Japanese prime minister Shinzo Abe and his Australian counterpart Malcolm Turnbull have discussed continued cooperation between the two nations on coal, gas and hydrogen developments.
Turnbull visited Japan last week, where he and Abe pledged to work to develop coal and LNG markets, as Japan continues to be divided on nuclear power, while pushing for cleaner energy.
Turnbull, who referred to Abe as a “very true and dear friend of Australia,” stressed Japan’s value as a trade partner.
“The importance of trust and reliability of supply cannot be overstated here in Japan, where 94% of energy and resources and 61% of food requirements are imported,” he said. “Australia supplies a large majority of Japan’s iron ore and coking coal needs … we are Japan’s largest supplier of liquefied natural gas, and Japan is our biggest customer.”
The plan struck between the two sides involves using Japanese technologies to build small LNG receival sites around Asia, to be fed by Australia’s band of gas exporters.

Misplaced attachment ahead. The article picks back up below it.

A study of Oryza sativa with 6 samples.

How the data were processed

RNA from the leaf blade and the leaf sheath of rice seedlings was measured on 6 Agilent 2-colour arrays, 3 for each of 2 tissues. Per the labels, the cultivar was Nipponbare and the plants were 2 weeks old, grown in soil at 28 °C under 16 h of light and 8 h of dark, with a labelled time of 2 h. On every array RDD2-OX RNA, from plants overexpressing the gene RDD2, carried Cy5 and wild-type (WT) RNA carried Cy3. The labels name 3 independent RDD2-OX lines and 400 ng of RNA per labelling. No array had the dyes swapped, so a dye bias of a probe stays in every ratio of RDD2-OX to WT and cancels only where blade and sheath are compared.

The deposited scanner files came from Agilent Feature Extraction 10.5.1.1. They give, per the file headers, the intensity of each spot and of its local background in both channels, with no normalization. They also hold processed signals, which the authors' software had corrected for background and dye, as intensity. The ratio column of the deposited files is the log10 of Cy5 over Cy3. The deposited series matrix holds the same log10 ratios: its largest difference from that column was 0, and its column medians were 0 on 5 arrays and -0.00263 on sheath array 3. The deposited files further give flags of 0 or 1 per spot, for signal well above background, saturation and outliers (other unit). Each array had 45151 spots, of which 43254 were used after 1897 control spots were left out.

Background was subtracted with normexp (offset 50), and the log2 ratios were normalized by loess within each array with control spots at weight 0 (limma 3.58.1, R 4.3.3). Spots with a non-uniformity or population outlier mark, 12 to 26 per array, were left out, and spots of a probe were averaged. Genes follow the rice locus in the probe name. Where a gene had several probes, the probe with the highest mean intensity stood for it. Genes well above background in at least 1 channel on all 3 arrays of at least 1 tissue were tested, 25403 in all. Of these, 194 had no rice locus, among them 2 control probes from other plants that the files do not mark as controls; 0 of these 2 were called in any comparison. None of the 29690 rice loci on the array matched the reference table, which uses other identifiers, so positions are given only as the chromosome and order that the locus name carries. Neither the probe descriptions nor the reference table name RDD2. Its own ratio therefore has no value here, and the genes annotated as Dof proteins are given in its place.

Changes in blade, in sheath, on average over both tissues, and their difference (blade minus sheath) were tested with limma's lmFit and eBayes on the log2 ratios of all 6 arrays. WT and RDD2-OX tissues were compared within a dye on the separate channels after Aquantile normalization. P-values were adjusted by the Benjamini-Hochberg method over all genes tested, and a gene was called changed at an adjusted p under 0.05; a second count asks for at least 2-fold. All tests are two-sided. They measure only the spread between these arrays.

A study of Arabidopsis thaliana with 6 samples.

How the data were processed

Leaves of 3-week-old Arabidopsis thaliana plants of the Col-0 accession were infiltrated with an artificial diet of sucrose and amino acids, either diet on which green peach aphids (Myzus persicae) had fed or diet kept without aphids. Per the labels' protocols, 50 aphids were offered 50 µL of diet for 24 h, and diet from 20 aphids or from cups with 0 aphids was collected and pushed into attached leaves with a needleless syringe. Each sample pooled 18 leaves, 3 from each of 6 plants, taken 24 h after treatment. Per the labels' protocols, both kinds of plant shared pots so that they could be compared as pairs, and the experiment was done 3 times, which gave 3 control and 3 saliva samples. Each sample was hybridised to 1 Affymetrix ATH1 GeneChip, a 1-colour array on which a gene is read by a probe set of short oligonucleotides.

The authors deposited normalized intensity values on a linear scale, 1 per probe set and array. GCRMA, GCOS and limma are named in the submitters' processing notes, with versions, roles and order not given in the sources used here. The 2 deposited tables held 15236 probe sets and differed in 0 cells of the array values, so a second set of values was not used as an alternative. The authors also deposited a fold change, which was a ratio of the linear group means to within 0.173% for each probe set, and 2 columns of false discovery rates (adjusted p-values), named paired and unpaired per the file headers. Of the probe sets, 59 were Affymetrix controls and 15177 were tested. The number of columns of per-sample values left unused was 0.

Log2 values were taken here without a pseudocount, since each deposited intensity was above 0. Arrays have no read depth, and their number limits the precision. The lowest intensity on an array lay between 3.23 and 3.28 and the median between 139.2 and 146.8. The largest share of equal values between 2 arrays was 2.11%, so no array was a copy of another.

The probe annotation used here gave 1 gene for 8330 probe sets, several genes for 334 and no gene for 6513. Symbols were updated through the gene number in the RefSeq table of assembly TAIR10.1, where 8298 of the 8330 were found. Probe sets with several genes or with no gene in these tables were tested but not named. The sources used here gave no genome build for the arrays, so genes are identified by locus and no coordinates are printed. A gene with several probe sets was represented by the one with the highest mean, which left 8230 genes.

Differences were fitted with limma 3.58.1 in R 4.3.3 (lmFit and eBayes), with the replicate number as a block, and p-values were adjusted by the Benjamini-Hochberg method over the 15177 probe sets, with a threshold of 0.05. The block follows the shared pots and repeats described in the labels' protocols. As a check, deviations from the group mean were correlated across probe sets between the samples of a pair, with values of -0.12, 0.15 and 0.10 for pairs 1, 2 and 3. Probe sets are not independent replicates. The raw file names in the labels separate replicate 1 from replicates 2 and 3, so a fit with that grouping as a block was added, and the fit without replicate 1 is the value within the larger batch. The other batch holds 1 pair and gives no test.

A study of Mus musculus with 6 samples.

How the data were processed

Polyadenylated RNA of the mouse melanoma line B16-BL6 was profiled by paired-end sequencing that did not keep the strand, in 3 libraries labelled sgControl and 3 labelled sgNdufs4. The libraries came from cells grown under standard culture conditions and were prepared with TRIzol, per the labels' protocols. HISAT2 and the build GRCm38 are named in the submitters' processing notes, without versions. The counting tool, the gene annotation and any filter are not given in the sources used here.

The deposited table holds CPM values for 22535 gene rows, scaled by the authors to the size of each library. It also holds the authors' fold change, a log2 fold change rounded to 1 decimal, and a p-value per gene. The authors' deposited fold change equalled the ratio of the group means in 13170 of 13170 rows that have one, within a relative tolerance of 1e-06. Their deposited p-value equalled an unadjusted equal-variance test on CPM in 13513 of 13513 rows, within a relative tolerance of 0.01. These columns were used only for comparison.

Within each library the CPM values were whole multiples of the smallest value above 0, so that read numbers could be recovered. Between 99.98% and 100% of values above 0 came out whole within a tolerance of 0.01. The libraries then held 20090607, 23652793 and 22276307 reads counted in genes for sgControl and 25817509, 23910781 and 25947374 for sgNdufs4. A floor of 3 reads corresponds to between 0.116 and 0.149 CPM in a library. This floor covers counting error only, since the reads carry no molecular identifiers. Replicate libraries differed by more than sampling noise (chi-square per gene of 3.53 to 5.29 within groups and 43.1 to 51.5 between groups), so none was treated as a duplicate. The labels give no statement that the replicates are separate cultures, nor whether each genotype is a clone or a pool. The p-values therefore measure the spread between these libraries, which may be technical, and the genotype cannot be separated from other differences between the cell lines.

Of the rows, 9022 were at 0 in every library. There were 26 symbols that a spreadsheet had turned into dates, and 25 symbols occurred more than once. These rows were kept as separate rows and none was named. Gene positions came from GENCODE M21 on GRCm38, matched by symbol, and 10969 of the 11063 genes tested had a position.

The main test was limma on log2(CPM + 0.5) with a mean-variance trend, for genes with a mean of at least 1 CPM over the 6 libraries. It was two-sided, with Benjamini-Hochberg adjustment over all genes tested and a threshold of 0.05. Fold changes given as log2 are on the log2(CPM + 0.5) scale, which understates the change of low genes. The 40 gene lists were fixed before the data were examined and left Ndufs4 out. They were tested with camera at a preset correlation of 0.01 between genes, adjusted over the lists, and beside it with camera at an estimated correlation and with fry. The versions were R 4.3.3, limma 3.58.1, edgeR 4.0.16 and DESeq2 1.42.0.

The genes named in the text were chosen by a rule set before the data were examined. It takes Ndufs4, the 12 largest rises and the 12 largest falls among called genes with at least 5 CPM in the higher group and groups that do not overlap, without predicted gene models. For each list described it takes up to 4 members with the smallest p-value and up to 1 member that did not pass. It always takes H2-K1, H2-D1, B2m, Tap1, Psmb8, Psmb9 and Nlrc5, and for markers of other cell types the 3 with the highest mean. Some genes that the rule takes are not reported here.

The sides also agreed to use Japanese technology to develop more high-efficiency, low-emissions (HELE) coal power plants in the region, which would be ideal for Australia’s high quality coal exports.
“We commend highly the progress in the concrete cooperation in Japan-Australia innovation cooperation including brown coal, hydrogen project,” Abe said (translated). “We concur that our collaboration be further promoted.”
Quoted this week by Fairfax, Minerals Council of Australia executive director Greg Evans said the news was good for Australian coal miners.
“The construction and operation pf am expanding HELE fleet through Asia is helping to underpin coal export opportunities in north Asia and beyond – including Southeast Asia, which is a growing market for our coal with trade valued at close to $2 billion in FY17,” he was quoted as saying.